By the time Obama turned up at Harvard Law School in the fall of 1988, the grand designs and grander illusions of Clinton’s time at Yale seemed as distant to most students as the New Deal—or maybe the Magna Carta. On campus, Vietnam and civil rights had been replaced by multiculturalism and identity politics as the causes célèbres du jour. The ossification of traditional liberalism was vividly on display.
Nevertheless, the atmosphere at Harvard was exceptionally nasty—polarized and poisonous. Against the backdrop of the rightward tilt on the Supreme Court, the rise of the Federalist Society, and the challenging of affirmative action in all its guises, the faculty was riven by a series of highly charged, often racially tinged debates. Some of these debates were doctrinal, relating to the Critical Legal Studies movement, which presented a radical challenge to the notion that the law is objective and neutral, hence to the legitimacy of the law school itself. Some involved the hiring and tenure (or lack thereof) of minority professors. The eminent constitutional scholar Laurence Tribe recalls, “The disagreements were not pursued through very civil discourse partly because the most vocal and passionate proponents were also, er, diplomatically challenged.” Or as another professor put it, Harvard had become “the Beirut of legal education.”
Unlike Clinton, Obama arrived at law school unheralded by the media, unencumbered by preconceptions. But at 27, having spent the previous four years working as a community organizer in inner-city Chicago, having been raised in Hawaii and Indonesia, having traveled to Africa, he was more worldly, more fully baked, than Clinton was at Yale. And although he embraced, as she had, an instrumentalist view of the law—that it was a tool to be employed in the service of social betterment—his goals were less extravagant than hers: helping out the folks on the Windy City’s South Side, as opposed to transfiguring the world.
Hillary’s hand was always in the air, remembers Robert Reich. Bill didn’t go to class, and Clarence Thomas sat silently in back.
Obama’s self-confidence and self-possession were immediately apparent. “When he spoke, everyone got quiet and listened, and it was very unusual for that kind of hush to fall,” says Martha Minow, a professor of his. “He was a little bit above the conversation. He had a synthetic mind and a capacity to summarize what people said so that they would come out feeling like, Yeah, I was fairly treated.”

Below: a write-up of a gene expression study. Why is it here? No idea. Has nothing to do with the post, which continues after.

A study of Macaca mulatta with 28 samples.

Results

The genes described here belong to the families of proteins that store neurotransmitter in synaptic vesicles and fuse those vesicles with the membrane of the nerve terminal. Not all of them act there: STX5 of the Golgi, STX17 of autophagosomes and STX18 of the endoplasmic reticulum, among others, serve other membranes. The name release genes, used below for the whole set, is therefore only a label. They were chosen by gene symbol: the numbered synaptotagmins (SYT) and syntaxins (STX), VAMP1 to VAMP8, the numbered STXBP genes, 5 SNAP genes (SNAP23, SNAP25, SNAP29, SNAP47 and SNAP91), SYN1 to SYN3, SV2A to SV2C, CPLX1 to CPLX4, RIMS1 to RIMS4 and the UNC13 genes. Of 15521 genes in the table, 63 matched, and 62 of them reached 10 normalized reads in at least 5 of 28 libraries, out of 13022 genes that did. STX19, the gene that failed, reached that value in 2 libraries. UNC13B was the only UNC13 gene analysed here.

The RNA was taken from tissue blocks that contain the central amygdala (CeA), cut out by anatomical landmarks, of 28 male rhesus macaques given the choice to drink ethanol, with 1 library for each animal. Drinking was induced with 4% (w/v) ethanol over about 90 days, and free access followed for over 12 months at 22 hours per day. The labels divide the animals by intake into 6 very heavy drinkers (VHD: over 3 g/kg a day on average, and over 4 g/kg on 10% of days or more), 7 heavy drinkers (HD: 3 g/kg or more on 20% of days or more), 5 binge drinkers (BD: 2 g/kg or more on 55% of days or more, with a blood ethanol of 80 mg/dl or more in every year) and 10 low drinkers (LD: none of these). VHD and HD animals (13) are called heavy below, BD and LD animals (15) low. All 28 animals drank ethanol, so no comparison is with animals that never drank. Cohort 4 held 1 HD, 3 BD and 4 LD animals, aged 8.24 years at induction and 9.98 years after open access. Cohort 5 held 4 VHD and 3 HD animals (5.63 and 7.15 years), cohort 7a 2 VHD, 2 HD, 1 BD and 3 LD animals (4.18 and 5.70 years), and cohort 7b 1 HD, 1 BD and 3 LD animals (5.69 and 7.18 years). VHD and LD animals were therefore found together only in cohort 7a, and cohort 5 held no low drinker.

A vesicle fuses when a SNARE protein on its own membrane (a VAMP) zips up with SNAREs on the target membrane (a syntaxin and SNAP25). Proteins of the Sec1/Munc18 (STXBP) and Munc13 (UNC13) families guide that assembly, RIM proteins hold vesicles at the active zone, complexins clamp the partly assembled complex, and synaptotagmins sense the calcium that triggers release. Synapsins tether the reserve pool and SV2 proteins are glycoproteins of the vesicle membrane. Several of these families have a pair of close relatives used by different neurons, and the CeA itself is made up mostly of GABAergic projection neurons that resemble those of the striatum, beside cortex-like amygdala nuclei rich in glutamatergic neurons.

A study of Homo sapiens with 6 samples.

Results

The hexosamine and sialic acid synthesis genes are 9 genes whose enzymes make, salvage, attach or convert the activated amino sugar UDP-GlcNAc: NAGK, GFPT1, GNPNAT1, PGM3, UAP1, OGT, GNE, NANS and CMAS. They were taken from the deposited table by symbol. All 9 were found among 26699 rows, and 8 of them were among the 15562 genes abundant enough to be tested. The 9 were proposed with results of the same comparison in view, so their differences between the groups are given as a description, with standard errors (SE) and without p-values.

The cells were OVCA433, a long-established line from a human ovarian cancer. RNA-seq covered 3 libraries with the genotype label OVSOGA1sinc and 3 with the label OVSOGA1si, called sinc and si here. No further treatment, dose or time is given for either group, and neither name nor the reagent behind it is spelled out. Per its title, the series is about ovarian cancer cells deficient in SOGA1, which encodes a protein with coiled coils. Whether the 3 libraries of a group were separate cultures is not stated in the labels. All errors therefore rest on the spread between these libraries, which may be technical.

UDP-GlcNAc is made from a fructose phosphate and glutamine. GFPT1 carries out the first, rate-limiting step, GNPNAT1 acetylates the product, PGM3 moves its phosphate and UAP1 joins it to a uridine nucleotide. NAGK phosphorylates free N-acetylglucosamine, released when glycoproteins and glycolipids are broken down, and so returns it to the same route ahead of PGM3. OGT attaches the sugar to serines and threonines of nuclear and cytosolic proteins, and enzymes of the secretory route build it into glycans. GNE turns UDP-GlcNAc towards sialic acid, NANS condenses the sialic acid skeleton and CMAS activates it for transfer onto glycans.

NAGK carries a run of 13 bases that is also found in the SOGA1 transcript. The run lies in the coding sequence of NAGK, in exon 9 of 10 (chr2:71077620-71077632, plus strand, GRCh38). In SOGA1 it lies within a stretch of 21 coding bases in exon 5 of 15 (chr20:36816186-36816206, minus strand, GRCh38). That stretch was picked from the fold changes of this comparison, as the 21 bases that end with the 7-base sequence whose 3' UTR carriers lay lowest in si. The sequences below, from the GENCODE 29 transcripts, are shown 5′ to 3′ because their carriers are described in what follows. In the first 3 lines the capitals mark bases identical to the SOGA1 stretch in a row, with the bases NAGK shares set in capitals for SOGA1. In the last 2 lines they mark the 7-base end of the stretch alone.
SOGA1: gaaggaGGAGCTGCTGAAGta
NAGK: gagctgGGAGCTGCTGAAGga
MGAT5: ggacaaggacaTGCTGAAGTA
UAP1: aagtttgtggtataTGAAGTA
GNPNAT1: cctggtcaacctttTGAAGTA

But Obama was more than an adroit synthesist. He was outspoken about cases and policies tangled up with race and class. And this left a lasting impression on the black students who witnessed it.
“When you’re an anxious first-year black student, speaking up in class in that environment was incredibly intimidating,” observes David Troutt, one of Obama’s classmates and now a professor at Rutgers. “Because your right to be there was being questioned by some of your white peers. A lot of people were content to feel they’d done well by speaking up at all, but being a race person wasn’t what they signed up for. They certainly weren’t going to raise their hand to speak about an issue that directly reflected their concerns as a black person: to show why the professor was wrong or challenge a comment by a classmate that they thought was racist. They’d simmer about it in their seat, but only a few people would say something. Barack was one of them—we could always count on Barack.”
One time, Trout recalls, the discussion turned to a matter of criminal procedure and constitutional rights. “We were talking about an exception in the law allowing police to enter a dwelling under ‘exigent circumstances,’ which could be pretty broad,” he says. “Barack began, as he often did, saying, ‘It’s my sense…’ And he calmly went on to put the issues in context in a way that affirmed the lives of even apparently fleeing black suspects, the dignity of even a modest home, and the way excessive state power can do harm to both. It was very moving, yet sensible. I’m not sure there was a response.”